In its decision in Family First New Zealand v Attorney General  NZCA 366, the Court of Appeal overturned the earlier High Court decision which found Family First New Zealand (“Family First”) was ineligible for charitable status.
The Court of Appeal looked at:
- whether the High Court was wrong to conclude that the Family First was not a trust for, educational purposes (which are presumptively charitable);
- whether the High Court was wrong to conclude that Family First was not a trust for an other charitable purpose, that of promoting families and marriages as a benefit to society; and
- if the High Court was wrong in either of those conclusions, whether Family First had non-charitable purposes of more than a merely ancillary nature which, notwithstanding, disqualified it from registration as a charity.
The majority held on the first point that Family First commissions valuable research promoting knowledge on marriage and families, and that the related public discussion and debate is desirable for the development of policies and laws. This was despite the fact that, as noted by the minority, Family First described itself as spending 75% of its time on advocating for certain causes, and the other 25% on administration and fundraising, with no mention of education.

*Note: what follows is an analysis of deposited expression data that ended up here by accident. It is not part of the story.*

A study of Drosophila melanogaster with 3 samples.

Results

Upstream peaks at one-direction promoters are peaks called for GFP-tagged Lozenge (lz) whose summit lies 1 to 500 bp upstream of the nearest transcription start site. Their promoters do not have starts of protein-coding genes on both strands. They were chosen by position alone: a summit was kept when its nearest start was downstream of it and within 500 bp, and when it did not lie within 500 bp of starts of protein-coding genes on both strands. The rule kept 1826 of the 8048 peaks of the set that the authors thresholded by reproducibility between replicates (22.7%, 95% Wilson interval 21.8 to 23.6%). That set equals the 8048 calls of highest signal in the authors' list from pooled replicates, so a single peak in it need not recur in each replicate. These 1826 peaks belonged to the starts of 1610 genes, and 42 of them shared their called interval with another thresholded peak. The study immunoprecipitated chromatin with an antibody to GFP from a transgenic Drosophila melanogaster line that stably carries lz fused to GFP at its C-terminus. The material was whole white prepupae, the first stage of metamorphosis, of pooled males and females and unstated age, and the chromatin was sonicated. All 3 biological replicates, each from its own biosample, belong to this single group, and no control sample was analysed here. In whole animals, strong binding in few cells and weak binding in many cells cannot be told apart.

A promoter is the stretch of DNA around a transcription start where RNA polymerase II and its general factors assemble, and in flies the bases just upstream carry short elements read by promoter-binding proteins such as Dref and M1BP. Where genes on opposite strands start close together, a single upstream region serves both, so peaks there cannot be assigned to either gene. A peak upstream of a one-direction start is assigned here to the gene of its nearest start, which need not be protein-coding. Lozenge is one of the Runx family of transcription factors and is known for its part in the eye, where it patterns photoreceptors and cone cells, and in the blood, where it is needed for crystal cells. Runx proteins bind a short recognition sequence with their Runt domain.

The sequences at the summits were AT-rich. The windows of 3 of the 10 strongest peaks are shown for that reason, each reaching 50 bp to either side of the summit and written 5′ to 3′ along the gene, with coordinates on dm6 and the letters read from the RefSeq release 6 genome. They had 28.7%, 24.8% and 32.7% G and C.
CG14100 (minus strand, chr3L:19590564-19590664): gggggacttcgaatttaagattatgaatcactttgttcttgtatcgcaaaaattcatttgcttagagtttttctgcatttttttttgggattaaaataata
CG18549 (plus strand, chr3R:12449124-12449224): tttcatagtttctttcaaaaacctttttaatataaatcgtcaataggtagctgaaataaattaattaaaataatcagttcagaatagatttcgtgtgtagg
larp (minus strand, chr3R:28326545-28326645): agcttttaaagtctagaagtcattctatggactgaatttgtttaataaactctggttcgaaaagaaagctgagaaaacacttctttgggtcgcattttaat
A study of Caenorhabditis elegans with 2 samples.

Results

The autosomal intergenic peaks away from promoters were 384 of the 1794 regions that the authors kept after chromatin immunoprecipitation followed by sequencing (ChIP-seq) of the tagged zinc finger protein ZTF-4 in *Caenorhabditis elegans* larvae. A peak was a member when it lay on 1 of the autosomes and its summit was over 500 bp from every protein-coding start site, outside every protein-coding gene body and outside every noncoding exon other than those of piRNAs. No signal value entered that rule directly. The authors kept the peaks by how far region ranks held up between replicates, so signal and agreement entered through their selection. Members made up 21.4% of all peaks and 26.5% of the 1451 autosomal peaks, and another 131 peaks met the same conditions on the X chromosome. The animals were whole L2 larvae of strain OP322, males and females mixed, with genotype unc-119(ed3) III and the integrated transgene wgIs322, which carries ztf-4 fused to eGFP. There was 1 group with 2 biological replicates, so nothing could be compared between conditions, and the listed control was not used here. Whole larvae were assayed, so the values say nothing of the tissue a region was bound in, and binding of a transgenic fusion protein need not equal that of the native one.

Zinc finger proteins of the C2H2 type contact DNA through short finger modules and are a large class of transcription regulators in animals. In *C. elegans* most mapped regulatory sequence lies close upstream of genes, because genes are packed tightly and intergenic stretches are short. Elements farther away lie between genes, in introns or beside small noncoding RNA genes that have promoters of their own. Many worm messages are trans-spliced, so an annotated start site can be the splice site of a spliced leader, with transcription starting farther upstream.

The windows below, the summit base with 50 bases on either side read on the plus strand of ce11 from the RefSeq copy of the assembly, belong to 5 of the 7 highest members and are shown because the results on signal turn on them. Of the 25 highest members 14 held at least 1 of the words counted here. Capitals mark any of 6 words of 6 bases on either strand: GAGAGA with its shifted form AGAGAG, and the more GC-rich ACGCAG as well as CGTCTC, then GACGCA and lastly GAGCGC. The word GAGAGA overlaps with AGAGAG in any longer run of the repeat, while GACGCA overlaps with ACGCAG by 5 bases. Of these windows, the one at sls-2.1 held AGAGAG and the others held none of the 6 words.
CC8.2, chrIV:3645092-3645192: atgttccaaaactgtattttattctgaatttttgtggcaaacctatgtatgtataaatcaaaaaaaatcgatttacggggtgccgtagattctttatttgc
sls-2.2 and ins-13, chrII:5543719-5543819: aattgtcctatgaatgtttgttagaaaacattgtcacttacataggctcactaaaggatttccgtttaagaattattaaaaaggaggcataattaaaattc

On the second point, the majority held that Family First was advancing the self-evidently important role of families in society and core family values, and that Family First’s activities had a clear public benefit. The minority considered that the focus on family as a “self-evident public good” did not meet the required public benefit threshold.
On the third point, the majority held that Family First’s advocacy was no more than ancillary to its charitable purpose. However, the minority disagreed ardently. The minority considered advocacy to be a core, and not merely ancillary, aspect of Family First’s purposes.
The Attorney General has sought leave to appeal the case to the Supreme Court.